Google allegedly considered buying Epic Games to remove app store competition

Google views Epic Games efforts to allow users to install games without the need for the Google Play Store as a 'contagion', court documents say.
Written by Campbell Kwan, Contributor

Last year, Epic Games' flagship game Fortnite was booted off Apple and Google's app stores after the games developer introduced a new payment system that sidestepped their payment systems and in-app purchase commissions. Shortly after, Epic would go on to file antitrust lawsuits against both Apple and Google across numerous jurisdictions, with unsealed court documents revealing that, prior to the legal stoush, Google allegedly attempted to acquire Epic Games to remove this app store threat.

First reported by The Verge, the unsealed court document was submitted as part of Epic Game's lawsuit against Google in the United States. Epic Games has a similar lawsuit filed against Google in Australia.

In the document [PDF], Epic claims Google was threatened by its plans to sidestep Google's official Play Store commission by distributing Fortnite through other channels. To address those concerns, Google allegedly considered buying "some or all of Epic Games" to remove the games developer as a competitor.

"Google has gone so far as to share its monopoly profits with business partners to secure their agreement to fence out competition, has developed a series of internal projects to address the 'contagion' it perceived from efforts by Epic and others to offer consumers and developers competitive alternatives, and has even contemplated buying some or all of Epic to squelch this threat," Epic wrote in the documents.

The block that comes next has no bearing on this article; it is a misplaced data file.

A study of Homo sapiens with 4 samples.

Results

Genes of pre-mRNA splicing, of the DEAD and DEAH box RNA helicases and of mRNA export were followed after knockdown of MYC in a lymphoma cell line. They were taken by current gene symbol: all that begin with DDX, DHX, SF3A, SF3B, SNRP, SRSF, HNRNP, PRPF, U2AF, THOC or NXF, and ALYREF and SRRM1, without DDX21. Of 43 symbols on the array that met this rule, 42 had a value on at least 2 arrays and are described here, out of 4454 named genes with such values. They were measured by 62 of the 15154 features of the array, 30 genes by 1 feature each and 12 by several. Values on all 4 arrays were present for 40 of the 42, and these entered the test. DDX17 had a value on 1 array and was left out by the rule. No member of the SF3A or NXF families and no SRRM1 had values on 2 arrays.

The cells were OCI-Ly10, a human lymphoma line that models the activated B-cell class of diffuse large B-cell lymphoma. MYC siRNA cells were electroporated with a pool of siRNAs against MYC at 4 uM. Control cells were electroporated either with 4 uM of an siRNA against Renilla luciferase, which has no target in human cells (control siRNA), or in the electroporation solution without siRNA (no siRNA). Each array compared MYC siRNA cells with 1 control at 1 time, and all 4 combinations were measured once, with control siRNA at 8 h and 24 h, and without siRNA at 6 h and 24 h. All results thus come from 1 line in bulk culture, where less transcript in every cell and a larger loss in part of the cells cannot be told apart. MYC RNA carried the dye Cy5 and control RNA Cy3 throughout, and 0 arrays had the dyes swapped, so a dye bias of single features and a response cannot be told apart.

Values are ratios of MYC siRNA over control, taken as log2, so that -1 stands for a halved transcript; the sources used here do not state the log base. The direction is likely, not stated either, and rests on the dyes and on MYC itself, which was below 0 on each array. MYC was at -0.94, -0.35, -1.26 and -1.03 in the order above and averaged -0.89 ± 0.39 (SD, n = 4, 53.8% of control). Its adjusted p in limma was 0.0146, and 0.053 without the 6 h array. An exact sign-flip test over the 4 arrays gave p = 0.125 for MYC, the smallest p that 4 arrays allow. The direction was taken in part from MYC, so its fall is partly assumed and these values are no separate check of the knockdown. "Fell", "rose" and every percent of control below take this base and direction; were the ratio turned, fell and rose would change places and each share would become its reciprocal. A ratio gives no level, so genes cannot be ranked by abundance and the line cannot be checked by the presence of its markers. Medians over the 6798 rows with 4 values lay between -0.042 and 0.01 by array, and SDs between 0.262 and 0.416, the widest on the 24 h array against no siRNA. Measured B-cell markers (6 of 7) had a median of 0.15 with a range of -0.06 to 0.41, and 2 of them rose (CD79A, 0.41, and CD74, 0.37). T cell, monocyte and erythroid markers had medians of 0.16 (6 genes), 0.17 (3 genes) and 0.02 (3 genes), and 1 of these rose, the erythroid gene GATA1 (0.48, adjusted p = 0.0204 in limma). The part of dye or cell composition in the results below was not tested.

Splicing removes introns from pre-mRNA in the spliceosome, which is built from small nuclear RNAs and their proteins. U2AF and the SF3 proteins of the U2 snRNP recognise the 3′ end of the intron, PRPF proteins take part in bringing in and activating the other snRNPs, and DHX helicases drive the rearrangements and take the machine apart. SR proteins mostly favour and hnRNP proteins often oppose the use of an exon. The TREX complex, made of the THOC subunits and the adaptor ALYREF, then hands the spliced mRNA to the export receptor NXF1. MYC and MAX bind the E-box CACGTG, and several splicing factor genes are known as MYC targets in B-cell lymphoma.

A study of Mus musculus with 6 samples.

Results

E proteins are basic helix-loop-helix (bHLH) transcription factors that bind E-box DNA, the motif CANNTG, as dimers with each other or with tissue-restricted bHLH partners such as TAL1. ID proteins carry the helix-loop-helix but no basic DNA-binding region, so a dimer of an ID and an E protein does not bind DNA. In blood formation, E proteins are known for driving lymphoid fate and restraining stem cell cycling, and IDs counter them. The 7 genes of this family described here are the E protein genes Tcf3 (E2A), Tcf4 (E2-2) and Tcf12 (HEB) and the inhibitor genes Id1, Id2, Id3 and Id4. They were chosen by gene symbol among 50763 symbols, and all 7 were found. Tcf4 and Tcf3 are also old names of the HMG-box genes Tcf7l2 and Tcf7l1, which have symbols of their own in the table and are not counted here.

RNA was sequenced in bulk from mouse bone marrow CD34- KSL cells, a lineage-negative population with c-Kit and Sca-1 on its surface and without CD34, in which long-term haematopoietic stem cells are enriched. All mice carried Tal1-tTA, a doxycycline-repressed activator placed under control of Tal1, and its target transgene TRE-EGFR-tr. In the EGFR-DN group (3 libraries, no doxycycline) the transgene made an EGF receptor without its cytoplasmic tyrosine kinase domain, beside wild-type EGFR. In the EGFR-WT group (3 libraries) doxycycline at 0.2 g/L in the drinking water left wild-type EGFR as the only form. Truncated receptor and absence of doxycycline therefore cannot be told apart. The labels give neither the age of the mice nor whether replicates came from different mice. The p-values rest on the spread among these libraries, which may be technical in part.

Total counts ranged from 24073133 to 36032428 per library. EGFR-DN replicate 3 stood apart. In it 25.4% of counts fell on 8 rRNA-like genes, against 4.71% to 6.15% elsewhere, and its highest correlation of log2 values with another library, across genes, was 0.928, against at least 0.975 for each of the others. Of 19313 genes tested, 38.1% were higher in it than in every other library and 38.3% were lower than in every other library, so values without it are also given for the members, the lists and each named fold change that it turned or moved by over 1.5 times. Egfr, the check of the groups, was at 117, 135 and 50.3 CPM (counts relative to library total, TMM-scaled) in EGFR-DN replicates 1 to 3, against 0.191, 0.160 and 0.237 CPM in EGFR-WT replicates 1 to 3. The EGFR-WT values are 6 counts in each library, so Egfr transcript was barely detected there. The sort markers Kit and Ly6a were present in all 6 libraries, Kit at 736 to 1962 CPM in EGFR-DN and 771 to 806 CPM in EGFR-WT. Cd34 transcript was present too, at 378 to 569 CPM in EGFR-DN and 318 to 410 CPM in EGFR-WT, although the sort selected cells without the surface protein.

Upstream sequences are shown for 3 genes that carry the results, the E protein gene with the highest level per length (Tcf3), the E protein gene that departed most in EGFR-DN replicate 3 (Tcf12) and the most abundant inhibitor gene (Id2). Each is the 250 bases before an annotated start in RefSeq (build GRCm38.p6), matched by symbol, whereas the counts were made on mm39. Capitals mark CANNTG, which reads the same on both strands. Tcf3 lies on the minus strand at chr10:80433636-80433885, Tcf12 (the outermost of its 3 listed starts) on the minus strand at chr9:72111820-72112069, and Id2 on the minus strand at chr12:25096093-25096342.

Google also allegedly used contractual and technical barriers to make it harder for users to sideload Epic Games' apps onto devices. This included blocking OEMs, such as OnePlus, from making deals with Epic Games to allow users to install and update Epic Games' apps without using the Google Play Store.

According to Epic Games, the company had already "invested substantial resources" into optimising a special version of Fortnite for OnePlus and a deal was already struck with OnePlus before the OEM was forced by Google to renege the deal.

In addition, Epic Games claimed it was offered a "special deal" by Google to launch Fortnite on the Play Store as another measure to stop the company's sideloading efforts. When making the offer, senior Google Play managers allegedly acknowledged that sideloading was an "awful experience" and warned about the "15+ steps" that users would have to go through if Epic Games didn't accept the deal.

Epic Games rejected Google's special deal, opting instead to distribute Fortnite for Android via Epic's website and through a partnership with Samsung.

Beyond the fight with Epic Games, Google was issued a separate antitrust suit last month by US attorneys-general from 36 states and Washington DC. Like the Epic Games lawsuits, the attorneys-general allege that Android is much less open than Google claims as it restricts third-party app stores and discourages the direct downloading of apps.